Hot Plants

Yes, they’re “hot” in the sense of being gorgeous, but the important point for now is that they survive really hot weather and the dry conditions that usually come with it.  Time to get acquainted with succulents.

The word itself refers to the plant’s ability to store moisture in its (usually) thick, fleshy leaves. You know how we say a ripe, juicy peach is “succulent”? Same idea – filled with moisture.

Careful, though: this does NOT mean that you never need to water it. There is no plant on Earth that does not need some degree of water, and if your climate conditions have been hot and dry and windy for days, you’ll need to water.

But succulents can tolerate being hot and dry better than any other kind of plant you’re liable to find, and that makes them especially valuable for our summertime gardens. Besides, they’re just so darned gorgeous!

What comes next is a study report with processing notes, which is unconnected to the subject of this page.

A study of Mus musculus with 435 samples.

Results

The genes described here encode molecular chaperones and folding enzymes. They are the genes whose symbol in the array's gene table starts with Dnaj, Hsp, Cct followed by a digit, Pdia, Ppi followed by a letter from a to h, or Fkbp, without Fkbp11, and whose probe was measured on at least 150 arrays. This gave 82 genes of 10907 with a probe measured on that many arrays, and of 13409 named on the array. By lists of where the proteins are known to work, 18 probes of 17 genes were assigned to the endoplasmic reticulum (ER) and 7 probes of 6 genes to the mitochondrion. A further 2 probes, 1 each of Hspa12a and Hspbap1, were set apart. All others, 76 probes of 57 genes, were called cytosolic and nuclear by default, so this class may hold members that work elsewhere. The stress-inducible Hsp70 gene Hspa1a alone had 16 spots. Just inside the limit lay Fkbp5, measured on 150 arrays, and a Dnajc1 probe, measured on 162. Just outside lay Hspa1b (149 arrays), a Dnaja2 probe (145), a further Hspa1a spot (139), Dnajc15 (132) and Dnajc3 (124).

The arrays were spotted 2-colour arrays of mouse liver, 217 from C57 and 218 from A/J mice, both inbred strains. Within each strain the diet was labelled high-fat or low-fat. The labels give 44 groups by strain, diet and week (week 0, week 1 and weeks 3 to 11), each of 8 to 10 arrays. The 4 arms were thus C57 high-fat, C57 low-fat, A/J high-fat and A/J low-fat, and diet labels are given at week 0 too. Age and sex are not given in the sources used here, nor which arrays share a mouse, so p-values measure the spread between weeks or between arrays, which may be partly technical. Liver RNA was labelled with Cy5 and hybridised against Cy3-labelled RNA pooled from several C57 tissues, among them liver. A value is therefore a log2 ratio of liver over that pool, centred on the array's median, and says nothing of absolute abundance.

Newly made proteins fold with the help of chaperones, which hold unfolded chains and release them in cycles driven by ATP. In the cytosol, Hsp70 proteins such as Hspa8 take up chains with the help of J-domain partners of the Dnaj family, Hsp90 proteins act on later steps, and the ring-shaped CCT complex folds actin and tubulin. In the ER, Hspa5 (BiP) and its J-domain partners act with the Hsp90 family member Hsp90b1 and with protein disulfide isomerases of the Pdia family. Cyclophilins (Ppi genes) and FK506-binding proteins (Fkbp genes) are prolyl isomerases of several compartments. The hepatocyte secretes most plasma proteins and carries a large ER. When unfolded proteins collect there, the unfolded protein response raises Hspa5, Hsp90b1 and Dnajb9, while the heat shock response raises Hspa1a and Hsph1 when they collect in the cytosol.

Many of them have another charming talent: making babies right from the original plant, snuggled up against the “mother” like newborn puppies. You can leave them like that, allowing them to fill in their home spot, or separate the babies and start a new family elsewhere.

One word of caution: Not all succulents tolerate freezing weather. Makes sense, when you think about it: they love hot weather, hate cold. Be sure to check the labels, ask the smart folks at the nursery, or do a little research. If you’re not sure, bring them inside for the cold spells. Make a tabletop arrangement, or line them up on a windowsill, or anyplace else that could use a spot of living green.

Except for that, and a kiss of water when needed, you won’t find any garden plant easier to care for.